I'm Flash!

2012 / 91m - Japan
Crime, Drama
I'm Flash! poster

While Toshiaki Toyoda (Yomigaeri no Chi) is working on a follow-up to Miike's Koruzo adaptations (Crows Zero, Crows Zero 2), he left us with another film to bridge the gap between Kurozu Explode and Monsters Club. I'm Flash is a bit of nostalgia for hardened Toyoda fans, though it's far from a mere rehash of his older work. A film that brings something unique to the table, but undeniably carries Toyoda's signature stamp.

screen capture of I'm Flash!

I'm not entirely sure why, but I'm Flash left me quite perplexed. Somehow I never really got a grip on the film, I never really felt where it was headed or what was coming. For a seasoned film fan that's a pretty strange feeling. Usually a film gives you ample pointers to predict at least the course it will be sailing, not so with I'm Flash. Not sure if it was intentional or my sensors were just a little off when I watched it, but it was actually quite refreshing. It was an experience I hadn't had in a very long time and I actively welcomed it.

I'm Flash starts with a fatal crash between a car and a motorcycle. The motorcyclist is dead, the girl sitting in the car slips in a coma. The only one who walks away unscathed is Rui, the charismatic leader of a religious cult. Rui lives a protected life in a mansion owned by his family. To protect him from outside threats, a trio of hit men is hired by his mother.

Rui is revered by his followers, has money to spend and has all the time in the world. Still, he isn't too happy with his own life. He is tired of the charades, tired of preaching something he doesn't believe. Rui's conversation with the girl right before the crash is the last straw and when he walks away from the accident he decides to abandon the cult, leaving them completely beheaded. Obviously his family doesn't agree with Rui's decision as he is their primary milk cow and Rui leaving the cult will cost them a large portion of their followers.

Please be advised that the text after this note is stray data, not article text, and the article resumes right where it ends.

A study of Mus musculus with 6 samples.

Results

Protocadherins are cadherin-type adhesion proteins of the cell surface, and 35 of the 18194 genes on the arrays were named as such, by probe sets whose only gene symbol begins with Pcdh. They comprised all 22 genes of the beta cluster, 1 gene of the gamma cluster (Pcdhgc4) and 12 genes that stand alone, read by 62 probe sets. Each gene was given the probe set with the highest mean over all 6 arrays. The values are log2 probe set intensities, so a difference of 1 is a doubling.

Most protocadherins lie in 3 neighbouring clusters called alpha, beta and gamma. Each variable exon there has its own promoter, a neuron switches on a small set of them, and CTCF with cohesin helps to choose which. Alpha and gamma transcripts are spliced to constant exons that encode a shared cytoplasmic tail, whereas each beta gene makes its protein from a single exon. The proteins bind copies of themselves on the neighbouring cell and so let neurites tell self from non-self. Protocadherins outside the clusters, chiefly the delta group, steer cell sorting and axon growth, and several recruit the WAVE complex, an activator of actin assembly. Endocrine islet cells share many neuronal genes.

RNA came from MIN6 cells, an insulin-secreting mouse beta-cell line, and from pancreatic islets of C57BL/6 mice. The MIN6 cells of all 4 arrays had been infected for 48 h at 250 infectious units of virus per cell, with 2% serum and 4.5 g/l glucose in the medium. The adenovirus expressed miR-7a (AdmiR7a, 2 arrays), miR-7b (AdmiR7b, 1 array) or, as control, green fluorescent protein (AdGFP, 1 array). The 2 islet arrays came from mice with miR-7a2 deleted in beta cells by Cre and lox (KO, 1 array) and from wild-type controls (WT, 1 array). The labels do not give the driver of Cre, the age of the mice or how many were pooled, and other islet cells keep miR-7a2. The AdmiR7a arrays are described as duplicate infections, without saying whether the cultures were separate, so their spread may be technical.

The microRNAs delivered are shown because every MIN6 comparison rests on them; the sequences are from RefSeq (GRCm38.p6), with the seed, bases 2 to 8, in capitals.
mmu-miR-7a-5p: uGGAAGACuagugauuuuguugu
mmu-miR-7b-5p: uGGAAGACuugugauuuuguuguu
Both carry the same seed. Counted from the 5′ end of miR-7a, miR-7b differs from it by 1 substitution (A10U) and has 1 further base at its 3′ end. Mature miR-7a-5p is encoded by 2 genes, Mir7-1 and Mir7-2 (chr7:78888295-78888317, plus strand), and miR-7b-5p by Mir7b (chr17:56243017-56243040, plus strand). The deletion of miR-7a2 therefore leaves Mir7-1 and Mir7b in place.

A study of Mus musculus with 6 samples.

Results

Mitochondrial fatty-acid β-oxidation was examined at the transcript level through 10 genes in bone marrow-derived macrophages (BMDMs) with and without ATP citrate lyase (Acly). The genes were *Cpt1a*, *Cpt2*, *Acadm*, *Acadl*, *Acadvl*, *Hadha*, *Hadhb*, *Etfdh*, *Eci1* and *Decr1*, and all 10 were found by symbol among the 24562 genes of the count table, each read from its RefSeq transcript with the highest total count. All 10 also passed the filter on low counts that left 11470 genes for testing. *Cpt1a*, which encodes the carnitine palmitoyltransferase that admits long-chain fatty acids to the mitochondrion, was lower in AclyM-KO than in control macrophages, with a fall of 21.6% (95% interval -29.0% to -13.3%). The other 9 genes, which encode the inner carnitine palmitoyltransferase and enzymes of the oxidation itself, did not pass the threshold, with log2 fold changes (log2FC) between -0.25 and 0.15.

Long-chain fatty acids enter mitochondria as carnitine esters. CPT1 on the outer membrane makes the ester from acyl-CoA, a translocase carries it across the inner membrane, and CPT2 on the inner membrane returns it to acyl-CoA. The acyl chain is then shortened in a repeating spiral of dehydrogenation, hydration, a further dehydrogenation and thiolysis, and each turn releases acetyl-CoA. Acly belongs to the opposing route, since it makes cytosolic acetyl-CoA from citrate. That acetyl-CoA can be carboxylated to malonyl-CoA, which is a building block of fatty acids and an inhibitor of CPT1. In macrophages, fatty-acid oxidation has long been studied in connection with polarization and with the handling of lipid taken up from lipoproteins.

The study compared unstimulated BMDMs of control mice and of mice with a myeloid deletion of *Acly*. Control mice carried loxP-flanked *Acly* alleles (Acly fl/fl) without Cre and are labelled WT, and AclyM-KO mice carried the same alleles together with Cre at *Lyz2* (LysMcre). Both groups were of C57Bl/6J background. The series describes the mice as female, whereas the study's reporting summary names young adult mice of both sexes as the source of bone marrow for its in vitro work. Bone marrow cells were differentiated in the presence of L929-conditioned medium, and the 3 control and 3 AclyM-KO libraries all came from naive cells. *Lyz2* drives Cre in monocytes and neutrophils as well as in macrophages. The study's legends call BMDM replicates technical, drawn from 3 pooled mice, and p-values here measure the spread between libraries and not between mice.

screen capture of I'm Flash!

Visually I'm Flash is more in line with Toyoda's older work. It's not as outspoken or overpowering as Monsters Club and probably a bit grim-looking at times, but there are enough great shots and stand-out moments to make for an attractive looking film. The setting alone makes for a few impressive shots and the camera work is determined and controlled at all times.

It's the soundtrack that gels everything together though. Toyoda is a master when it comes to finding the right music for a scene, in combination with his impeccable sense of timing and strong editing the score really lifts the quality of the film. It doesn't even matter what genre of music Toyodo is working with, he always seems a way to fit it into the film and to have it steer the atmosphere in a new direction. Combined with the visuals, it makes for an entrancing audiovisual experience.

On the acting side of things I'm Flash holds a few nice surprises. Personal favorite Ryuhei Matsuda (46 Okunen no Koi) plays a significant role and it seems he finally managed to shed his baby looks. The same goes for Tatsuya Fujiwara, who takes up the role of Rui. I'm not a very big Fujiwara fan but he does a great job here, playing the charismatic but slightly bewildered cult leader. Also notable is Kiko Mizuhara's appearance (Helter Skelter, Norwegian Wood) as the girl in the car, she certainly knows to pick her films.

screen capture of I'm Flash!

It isn't easy to categorize a film like I'm Flash. I guess in the end it's a mixture of crime and drama, but the film never invokes the sentiments you'd expect from these two genres, nor combined, nor separate. It follows the life of Rui and his rather unique surroundings while keeping tabs on Rui's struggle with his own beliefs. But at the same time there are two unusual side stories that slowly take over the film and pull the film in a different direction. It results in a strong finale, but still fails to give the film a definite sense of belonging.

I'm Flash isn't going to become one of Toyoda's best loved films, but it surely is a great experience that is unique to the skills of the director. It's not often you see a film about cult leaders done like this and coupled with the strong audiovisual experience I'm Flash is a film that doesn't easily let itself compare to other films out there. Definitely recommended if you get the chance to see this one as it deserves a warm cult status.